In a world of ever-expanding code, it's easy to become sloppy, with lines of redundant code or inelegant design coming into play. Thankfully, deheader steps up to the plate—a simple tool that can save coders a great deal of time.

According to the Web site: “deheader analyzes C and C++ files to determine which header inclusions can be removed while still allowing them to compile. This may result in substantial improvements in compilation time, especially on large C++ projects; it also sometimes exposes dependencies and cohesions of which developers were unaware.”

deheader scans code for redundant header inclusions. Here's some output from the MPlayer Project, for instance.

Installation and Usage

As far as packages go, at the time of this writing, the only thing available was a source tarball. But, fear not. No compiling is necessary, and because there's no real mention of library requirements, I'm guessing most distros will run it off the bat, assuming they have Python.

Download the latest tarball from the Web site, extract it, and open a terminal in the new folder. Then, it's simply a case of running:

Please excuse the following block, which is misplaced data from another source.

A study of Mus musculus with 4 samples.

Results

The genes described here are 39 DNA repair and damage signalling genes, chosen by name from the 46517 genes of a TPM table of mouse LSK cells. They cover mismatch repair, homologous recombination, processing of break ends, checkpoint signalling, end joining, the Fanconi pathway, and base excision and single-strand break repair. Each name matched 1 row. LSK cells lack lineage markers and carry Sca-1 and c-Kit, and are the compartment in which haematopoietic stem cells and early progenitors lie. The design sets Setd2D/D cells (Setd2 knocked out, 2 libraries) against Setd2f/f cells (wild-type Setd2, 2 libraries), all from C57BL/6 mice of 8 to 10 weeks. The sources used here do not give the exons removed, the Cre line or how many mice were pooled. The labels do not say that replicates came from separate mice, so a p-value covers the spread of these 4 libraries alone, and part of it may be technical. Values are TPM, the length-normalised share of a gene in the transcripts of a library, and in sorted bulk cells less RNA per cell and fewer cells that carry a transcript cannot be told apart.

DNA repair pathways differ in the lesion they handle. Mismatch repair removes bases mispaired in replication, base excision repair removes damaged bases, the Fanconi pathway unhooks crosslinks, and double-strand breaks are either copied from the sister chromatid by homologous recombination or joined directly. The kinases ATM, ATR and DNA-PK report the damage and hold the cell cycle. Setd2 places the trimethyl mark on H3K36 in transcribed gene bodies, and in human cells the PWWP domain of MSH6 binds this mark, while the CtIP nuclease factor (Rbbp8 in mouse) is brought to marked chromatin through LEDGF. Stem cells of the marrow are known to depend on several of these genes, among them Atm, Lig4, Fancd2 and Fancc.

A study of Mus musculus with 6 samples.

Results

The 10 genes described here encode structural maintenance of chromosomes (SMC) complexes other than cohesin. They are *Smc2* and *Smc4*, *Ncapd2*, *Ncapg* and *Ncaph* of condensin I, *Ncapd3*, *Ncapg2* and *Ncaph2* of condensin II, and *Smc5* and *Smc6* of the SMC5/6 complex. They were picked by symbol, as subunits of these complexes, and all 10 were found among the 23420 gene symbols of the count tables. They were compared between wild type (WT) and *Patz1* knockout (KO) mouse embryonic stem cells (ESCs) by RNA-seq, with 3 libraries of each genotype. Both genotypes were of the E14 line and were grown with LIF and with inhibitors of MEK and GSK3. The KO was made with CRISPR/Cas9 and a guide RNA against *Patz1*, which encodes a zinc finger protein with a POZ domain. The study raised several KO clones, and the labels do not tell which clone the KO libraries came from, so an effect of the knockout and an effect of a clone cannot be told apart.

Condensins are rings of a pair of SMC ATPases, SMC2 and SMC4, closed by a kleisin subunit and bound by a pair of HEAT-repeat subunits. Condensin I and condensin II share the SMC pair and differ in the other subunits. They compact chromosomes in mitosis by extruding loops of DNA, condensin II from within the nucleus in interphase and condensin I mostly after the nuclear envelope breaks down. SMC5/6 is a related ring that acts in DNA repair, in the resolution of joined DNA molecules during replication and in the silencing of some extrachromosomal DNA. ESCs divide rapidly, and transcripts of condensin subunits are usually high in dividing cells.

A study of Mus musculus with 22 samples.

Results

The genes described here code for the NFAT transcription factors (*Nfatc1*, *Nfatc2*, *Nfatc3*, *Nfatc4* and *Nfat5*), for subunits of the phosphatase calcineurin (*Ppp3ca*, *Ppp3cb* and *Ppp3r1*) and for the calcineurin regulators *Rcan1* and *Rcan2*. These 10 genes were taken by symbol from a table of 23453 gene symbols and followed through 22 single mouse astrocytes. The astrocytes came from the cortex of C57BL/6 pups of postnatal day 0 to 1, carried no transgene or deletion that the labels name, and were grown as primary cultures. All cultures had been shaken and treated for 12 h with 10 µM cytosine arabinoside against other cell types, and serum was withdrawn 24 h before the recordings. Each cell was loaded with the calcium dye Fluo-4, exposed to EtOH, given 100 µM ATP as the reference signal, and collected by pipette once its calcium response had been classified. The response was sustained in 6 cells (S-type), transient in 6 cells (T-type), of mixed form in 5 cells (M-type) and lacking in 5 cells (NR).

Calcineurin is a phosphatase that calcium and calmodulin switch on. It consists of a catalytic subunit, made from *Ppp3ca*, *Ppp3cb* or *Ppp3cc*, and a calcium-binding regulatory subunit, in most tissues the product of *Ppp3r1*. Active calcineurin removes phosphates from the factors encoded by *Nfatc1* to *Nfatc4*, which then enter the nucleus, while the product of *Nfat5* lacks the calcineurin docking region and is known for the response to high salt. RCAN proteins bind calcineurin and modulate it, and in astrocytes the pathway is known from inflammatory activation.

$ ./deheader path-of-files

If the given path is a directory, deheader scans all the files within. Give it some time to process, and eventually a list of all the unnecessary headers appears on-screen. For instance, I chose to analyze the now ten-year-old MPlayer code, a project that would unavoidably have a lot of legacy code and loose ends simply from being around for such a long time.

If you're ready to take things further, add a switch of -r, and the unnecessary headers are removed from the files. If you want to do some test compiling, use the -m switch. As an example, here's a command I ran against the MPlayer code:

$ ./deheader -r  ~/src/mplayer-export-2010-12-27/ 

Those are the basics; refer to the documentation for more information.

As you can see, deheader is a very simple-to-use program with an elegant design. This ideal of coding elegance is manifest in deheader's results. It should save a great deal of compilation time and highlight coding foibles that likely would have remained unnoticed. Although it's still sitting around in tarball source form, hopefully it will make its way into distro repositories soon.

John Knight is a 26-year-old, drumming- and climbing-obsessed maniac from the world's most isolated city—Perth, Western Australia. He can usually be found either buried in an Audacity screen or thrashing a kick-drum beyond recognition.


John Knight is the New Projects columnist for Linux Journal.